It’s time to take a look at the NYC real estate market update for Q3 2022. To view the report for the previous quarter, click here.
To view the full reports, visit the links below:
The slowdown that was previously predicted came to pass during the third quarter. And it was most evident in contracts signed which were down 29% year over year and 36% quarter over quarter. But it’s important to keep the decline in perspective. We’re comparing it against the record breaking year that was 2021!
The median price held fairly steady compared to the previous year at $1,180,000 – just 1% lower.
And thanks to shrinking inventory (down 11% versus the prior quarter), days on market tumbled by 30% compared to Q3 2021. The lower level of inventory also likely contributed to the strength of the average price per square foot which came in at $1,877 – an 8% annual increase.
Brooklyn displayed similar trends during the third quarter. Contracts signed were down 33% year over year and 35% compared to the previous quarter. That being said, the pace of signed contracts is in line with the 5 year pre-pandemic average.
The median price ticked downward to $810,000. This was likely the result of buyers shifting their focus to lower priced listings to account for increased interest rates. And this also pushed the average price per square foot downward to $965 – a 2% decrease compared to Q3 2021.
But like Manhattan, days on market continued to decrease substantially year over year (to the tune of 31%) due to low inventory. In fact, Brooklyn saw its lowest level of inventory since Q3 2013.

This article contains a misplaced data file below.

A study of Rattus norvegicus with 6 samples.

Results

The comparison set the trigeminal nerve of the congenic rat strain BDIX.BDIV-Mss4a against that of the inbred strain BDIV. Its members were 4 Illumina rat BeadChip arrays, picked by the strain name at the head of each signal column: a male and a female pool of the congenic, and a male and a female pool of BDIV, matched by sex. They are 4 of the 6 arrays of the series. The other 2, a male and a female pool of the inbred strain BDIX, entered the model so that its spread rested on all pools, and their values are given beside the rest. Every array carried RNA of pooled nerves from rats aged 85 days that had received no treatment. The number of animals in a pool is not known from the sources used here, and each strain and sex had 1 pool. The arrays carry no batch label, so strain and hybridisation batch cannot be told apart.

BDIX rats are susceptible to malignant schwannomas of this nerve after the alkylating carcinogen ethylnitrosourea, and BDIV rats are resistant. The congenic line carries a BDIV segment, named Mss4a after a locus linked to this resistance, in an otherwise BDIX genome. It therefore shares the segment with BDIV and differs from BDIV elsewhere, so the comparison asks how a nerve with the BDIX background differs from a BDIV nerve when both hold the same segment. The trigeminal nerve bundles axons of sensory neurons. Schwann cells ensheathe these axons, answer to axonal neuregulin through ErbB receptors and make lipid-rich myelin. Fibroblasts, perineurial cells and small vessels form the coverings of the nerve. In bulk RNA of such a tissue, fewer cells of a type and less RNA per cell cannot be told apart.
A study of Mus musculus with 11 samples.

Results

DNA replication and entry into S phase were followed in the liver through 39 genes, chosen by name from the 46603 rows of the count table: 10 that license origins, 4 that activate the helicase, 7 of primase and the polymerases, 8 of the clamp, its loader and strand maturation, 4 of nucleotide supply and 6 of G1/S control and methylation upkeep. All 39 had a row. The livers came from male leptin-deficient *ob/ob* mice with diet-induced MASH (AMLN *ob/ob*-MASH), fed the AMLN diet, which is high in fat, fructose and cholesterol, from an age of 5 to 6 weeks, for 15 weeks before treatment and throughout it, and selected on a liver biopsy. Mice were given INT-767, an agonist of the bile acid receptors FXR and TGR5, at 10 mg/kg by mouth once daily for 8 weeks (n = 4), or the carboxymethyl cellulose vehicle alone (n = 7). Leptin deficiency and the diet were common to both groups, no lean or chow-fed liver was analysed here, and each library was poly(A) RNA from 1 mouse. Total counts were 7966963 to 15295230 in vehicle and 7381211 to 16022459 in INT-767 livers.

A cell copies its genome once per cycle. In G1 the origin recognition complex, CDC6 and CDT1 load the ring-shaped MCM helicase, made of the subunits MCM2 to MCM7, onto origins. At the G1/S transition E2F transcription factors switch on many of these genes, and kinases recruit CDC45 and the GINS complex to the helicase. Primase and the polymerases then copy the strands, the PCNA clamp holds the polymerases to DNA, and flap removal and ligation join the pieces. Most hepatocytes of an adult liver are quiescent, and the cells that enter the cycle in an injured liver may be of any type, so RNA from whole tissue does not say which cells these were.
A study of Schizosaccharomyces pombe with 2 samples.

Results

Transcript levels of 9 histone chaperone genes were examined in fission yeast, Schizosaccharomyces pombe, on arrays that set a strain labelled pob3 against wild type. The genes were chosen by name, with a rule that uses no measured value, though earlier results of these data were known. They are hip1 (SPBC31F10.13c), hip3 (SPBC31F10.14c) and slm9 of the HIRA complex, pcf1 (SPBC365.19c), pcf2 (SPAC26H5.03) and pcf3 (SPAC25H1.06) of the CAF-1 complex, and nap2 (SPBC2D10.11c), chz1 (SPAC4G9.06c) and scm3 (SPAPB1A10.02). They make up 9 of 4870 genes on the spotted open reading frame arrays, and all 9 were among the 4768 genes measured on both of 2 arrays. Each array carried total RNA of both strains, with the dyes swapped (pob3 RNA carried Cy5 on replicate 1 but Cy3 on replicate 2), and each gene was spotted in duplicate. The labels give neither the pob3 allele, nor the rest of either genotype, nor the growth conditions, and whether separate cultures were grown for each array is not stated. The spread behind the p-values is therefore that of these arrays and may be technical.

The market is likely at an inflection point at the moment, but not quite in the way that many might expect.
Higher interest rates are restricting the purchasing power of buyers and keeping many of them sidelined. But prices aren’t quite declining just yet.
The reason? Constrained inventory.
Sellers aren’t too eager to put their homes on the market at the moment. In addition to concerns about economic headwinds, few of them want to trade their current low interest rate homes for a home at a much higher interest rate.
So while buyers might have some negotiating power given the uncertainty felt by sellers who have listed their homes, they’re not seeing a lot of options. And this means the scales haven’t fully tipped in their favor (especially in Brooklyn).
We are going to finally see prices start to come down more meaningfully in the coming quarter. However, if inventory remains tight, it may not be a very sharp decline.
Overall, there are increasing opportunities out there for buyers – especially studio and 1 bedroom buyers. With rents continuing to rise, owning could make much more financial sense versus renting for someone looking to stay in place for a few years. Check out my latest blog post to see what I mean.